The Great Depression

Farmer.jpgThe depression began to take its toll. The January 1932 annual meeting attendance fell to 338. Action was taken to lower the price of the 1933 dinner to two tickets for one dollar. It was also decided to eliminate the barbecue that had been held at the state fair meeting and simply serve lemonade and wafers. Discussion was held on the organizing of pool transportation for the drive to Chicago as a cost-deducing measure for the radio show participants. 

The depression was also affecting attendance at the University. This initiated student recruitment and support activities, which were to become long-time activities of the Ag Alumni Association. A county essay contest for short-course scholarships was initiated and the association undertook a special student-oriented advertising campaign to stimulate short-course attendance. The Ag Alumni Student Loan Fund was initiated with a collection of $30; counties were notified that donations of $1 or more were most acceptable. When funds were available, loans were to be made to worthy juniors and seniors of "no more than $100 with proper security." A special relationship was initiated during these difficult years with the student publication, the Agriculturalist. The Agriculturalist was to carry a special page of Alumni news, and in return, students were permitted to canvass the annual meeting for subscriptions. Two other activities were noted during these years that indicated the far ranging interest and involvement of the Association. There had been some complaints about weaknesses in the school teaching staff. A committee met with concerned students and concluded that "some teachers need to be informed that they do not have a life tenure at the University." The committee report was sent to the President. 

Also, there were complaints that there was need for improvement in campus agricultural facilities on the campus. The Association was informed that "Indiana taxpayers money was being used more and more toward creating a national institution rather than a service institution to the taxpayers of Indiana."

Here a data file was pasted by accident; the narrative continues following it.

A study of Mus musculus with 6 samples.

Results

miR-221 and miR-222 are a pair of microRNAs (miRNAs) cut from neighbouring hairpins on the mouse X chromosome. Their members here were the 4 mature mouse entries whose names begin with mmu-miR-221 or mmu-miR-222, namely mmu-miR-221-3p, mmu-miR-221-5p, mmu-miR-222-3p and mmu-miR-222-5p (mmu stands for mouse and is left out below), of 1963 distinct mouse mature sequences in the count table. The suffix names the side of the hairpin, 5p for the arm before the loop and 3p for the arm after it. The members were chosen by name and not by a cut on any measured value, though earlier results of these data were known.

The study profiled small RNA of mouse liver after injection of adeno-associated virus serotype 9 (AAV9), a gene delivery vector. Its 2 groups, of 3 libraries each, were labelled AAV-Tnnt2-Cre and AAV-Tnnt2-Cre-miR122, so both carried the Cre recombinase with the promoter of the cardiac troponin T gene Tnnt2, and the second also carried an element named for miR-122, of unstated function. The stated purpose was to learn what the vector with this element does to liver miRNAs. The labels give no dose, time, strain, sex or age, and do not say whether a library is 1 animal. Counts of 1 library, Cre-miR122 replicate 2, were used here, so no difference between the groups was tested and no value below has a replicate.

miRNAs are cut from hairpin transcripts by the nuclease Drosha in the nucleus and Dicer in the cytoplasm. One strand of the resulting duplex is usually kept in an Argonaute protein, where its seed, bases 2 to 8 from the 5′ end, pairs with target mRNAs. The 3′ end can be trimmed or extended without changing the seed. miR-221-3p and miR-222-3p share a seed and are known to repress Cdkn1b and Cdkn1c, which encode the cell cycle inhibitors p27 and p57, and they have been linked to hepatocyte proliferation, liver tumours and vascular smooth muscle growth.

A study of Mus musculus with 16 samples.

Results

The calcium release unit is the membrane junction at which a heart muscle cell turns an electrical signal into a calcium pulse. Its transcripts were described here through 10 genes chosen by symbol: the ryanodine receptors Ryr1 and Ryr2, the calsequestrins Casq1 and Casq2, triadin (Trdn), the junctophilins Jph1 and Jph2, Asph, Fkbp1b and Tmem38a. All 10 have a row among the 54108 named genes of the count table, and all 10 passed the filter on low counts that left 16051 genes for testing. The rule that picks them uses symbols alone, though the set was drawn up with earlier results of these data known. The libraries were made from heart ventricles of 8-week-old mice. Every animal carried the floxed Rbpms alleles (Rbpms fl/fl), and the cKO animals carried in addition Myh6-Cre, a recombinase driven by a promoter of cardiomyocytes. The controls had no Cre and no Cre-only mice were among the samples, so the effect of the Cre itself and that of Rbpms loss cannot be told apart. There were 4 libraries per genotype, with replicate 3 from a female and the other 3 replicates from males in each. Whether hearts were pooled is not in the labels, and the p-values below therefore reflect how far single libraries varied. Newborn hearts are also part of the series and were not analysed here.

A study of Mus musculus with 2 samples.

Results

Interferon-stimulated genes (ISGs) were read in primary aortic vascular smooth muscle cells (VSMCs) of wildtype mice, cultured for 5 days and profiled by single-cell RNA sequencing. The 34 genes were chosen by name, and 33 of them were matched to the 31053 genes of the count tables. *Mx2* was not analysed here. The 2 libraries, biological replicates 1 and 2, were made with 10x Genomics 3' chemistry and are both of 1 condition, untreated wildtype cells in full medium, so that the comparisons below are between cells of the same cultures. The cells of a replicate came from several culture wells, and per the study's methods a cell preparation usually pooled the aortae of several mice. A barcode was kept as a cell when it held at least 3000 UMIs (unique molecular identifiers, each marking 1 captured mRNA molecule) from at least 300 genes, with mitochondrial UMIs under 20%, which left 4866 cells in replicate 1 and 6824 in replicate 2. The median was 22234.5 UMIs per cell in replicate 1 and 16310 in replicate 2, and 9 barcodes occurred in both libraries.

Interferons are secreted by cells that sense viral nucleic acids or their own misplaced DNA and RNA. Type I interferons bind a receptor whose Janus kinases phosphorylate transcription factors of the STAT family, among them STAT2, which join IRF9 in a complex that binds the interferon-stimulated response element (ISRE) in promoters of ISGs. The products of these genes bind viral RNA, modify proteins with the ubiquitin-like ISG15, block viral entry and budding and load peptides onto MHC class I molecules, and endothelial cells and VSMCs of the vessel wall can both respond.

In 1938, two significant formal actions were taken. The incorporation of the Purdue Agricultural Alumni Association as a nonprofit corporation was completed. The objectives of this organization are to promote and assist in the development of Agriculture in Indiana, to foster cooperation among graduates, ex-students and short-course students of the College of Agriculture for their mutual benefit and to cooperate with the Purdue College of Agriculture, Agricultural Experiment Station and Extension Department in the dissemination of Agricultural information. 

Also, the Improved Seed Committee, which had been supervisor of the continuing cooperative work with the Botany Department in hybrid corn development, announced the incorporation of a non-profit subsidiary organization under the name of "The Agricultural Alumni Seed Improvement Association, Inc." The purpose of this organization was to assist "in the development of Agriculture in Indiana through the selection, breeding, production and distribution of improved strains and varieties of agricultural crops." In accomplishing this they were to be of special assistance to the Agricultural Experiment Station in disseminating and multiplying research discoveries to the seedsmen and farmers of Indiana. 

Ag Alumni was to loan such funds, as they had to help the new subsidiary get started. Though the next few years presented many beginning problems, Ag Alumni Seed played an important future role in the Indiana seed industry and in the financing of the Ag Alumni parent organization.